When advertising agency Ogilvy and Mather created the famous “Hindustan ka dil dekho” jingle to promote Madhya Pradesh tourism, they could not have foreseen that more than a decade later, it would be parodied by #MatAaoIndia, a Radio Mirchi campaign that asks tourists not to visit the country.
The radio channel ran a video under their short-lived social media campaign #MatAaoIndia, which translates to “don’t visit India” in Hindi. The 48-second jingle that has since been taken down ends with, “India aana aapke sehat ke liye haanikaarak hai. Atithi devo nahin. #MatAaoIndia (Visiting India is injurious to your health. Guests are not gods. Don’t visit India)”. Of course, just because it was taken down by Radio Mirchi does not mean that it no longer exists on the internet.
Newslaundry columnist Anand Ranganathan tweeted the video along with scathing criticism.
He wasn’t the only one. Swarajya called the video “a slander campaign”. Others on Twitter accused Radio Mirchi of maligning the country’s reputation. And, of course, some decided to label the channel “anti-national”, a word that is more commonplace in the far-Right lexicon than pollution is in Delhi. A lot of this hate was directed not just towards the radio channel but also its vice-president Akash Banerjee, who had tweeted the video with the caption, “With lumpen elements openly; we’ll soon have to update our #IncredibleIndia ads”, but later deleted it.
Radio Mirchi’s Mat Aao India campaign is frankly shameful. Hit the sick goons hard, but why direct the hatred towards your own nation?— Abhijit Majumder (@abhijitmajumder) October 27, 2017
What triggered this campaign?
A young Swiss couple was attacked by a group of hooligans at Uttar Pradesh's Fatehpur Sikri on October 22. They were beaten up with stones and sticks and sustained serious injuries. Quentin Jeremy Clerc, 24, fractured his skull and suffered nerve damage while his girlfriend Marie Droz, 24, was left with a fractured arm in the attack.
Clerc told investigators that after visiting the Taj Mahal, they visted Fatehpur Sikri, where four young men reportedly followed them for an hour, teased them, tried to engage them in a conversation, blocked their way and forcibly took selfies with Droz. When Clerc tried to intervene, he was hit repeatedly with a stick until he fell to the ground. Droz too was attacked brutally, while bystanders allegedly made videos of the couple on their mobile phones.
There are two reasons why this incident received more attention than everyday cases of tourists getting harassed in India. One, the severity of the Swiss couple’s injuries. Two, the incident’s proximity (less than 40km) to Agra, where Uttar Pradesh chief minister Yogi Adityanath was touring, to, quite ironically, promote tourism in the state.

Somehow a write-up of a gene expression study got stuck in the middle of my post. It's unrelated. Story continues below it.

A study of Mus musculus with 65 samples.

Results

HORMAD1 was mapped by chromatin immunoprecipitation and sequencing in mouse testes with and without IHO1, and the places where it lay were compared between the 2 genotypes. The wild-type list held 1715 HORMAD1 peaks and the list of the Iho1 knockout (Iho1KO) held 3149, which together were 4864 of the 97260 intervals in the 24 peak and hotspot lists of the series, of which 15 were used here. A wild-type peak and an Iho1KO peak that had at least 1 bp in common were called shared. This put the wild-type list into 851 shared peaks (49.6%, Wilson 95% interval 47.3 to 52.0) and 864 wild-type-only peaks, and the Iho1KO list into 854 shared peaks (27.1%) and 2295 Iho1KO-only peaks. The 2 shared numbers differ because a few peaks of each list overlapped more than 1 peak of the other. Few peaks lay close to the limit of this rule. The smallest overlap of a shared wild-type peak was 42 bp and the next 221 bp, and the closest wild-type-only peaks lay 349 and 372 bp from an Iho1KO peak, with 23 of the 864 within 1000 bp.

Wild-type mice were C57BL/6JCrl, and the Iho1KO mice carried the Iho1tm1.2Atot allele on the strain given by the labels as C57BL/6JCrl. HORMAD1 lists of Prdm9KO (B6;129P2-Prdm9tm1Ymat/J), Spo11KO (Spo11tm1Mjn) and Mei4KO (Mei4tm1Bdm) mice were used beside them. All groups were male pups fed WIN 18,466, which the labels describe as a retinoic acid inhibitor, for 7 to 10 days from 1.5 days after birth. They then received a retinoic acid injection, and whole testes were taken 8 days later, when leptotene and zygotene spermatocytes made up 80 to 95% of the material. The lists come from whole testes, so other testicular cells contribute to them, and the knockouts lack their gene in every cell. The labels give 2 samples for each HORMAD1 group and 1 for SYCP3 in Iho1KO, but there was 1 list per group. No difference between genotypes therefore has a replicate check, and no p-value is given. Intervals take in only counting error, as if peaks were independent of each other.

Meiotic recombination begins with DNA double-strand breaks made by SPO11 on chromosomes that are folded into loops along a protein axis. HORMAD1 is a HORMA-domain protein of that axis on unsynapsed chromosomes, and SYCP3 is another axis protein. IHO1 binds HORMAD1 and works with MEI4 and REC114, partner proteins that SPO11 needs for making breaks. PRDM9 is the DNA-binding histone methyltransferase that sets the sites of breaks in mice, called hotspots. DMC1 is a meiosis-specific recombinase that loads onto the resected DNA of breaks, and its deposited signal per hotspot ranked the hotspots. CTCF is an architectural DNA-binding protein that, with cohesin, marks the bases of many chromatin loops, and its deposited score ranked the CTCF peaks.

Did the campaign go overboard?
The irony of tourists being assaulted in a country that believes in the adage "Atithi devo bhava (guests are gods)" is visible to one and all. Also, this is not the first time foreign tourists have been harassed and/or attacked by Indians.
According to data released by the National Crime Records Bureau (NCRB) for 2015, of the 365 cases of crimes against foreigners, 271 (or 74.2 per cent) were registered under crimes against foreign tourists. Most crimes were reported from Delhi, followed by Maharashtra, Uttar Pradesh and Goa, the NCRB data suggests.
In his DailyO column, journalist Praveen Shekhar has listed out several incidents of foreign tourists getting assaulted in India, highlighting how such incidents affect the tourism industry.
If the safety of foreign tourists is important to the nation — for India prides itself with "Atithi devo bhava" — should such incidents not be used to shame the citizens and the authorities into introspection?
Radio Mirchi’s jingle is one that is not for foreign tourists to hear. By virtue of being written in Hindi, the campaign's target audience are Indians belonging to the Hindi heartland, where a large number of such incidents occur. To suggest that the campaign is anti-India is absurd. Its goal was not to discourage tourists from visiting India, but to make Indians realise how badly we treat our guests.
At the same time, the tone of the campaign was undoubtedly harsh. A milder form of criticism could have been deployed to drive home the message. A 2008 ad campaign by the Union ministry for tourism featuring actor Aamir Khan highlighted how foreign tourists, especially women, are harassed by Indians and it is up to us, as citizens, to check such behaviour.
It was an ad that hit the nail on the head without coming across as unnecessarily aggressive.
Discussing the merits or demerits of Radio Mirchi’s campaign is now a moot exercise. Thanks to the backlash it received, the radio channel ended up apologising for the video and deleting it.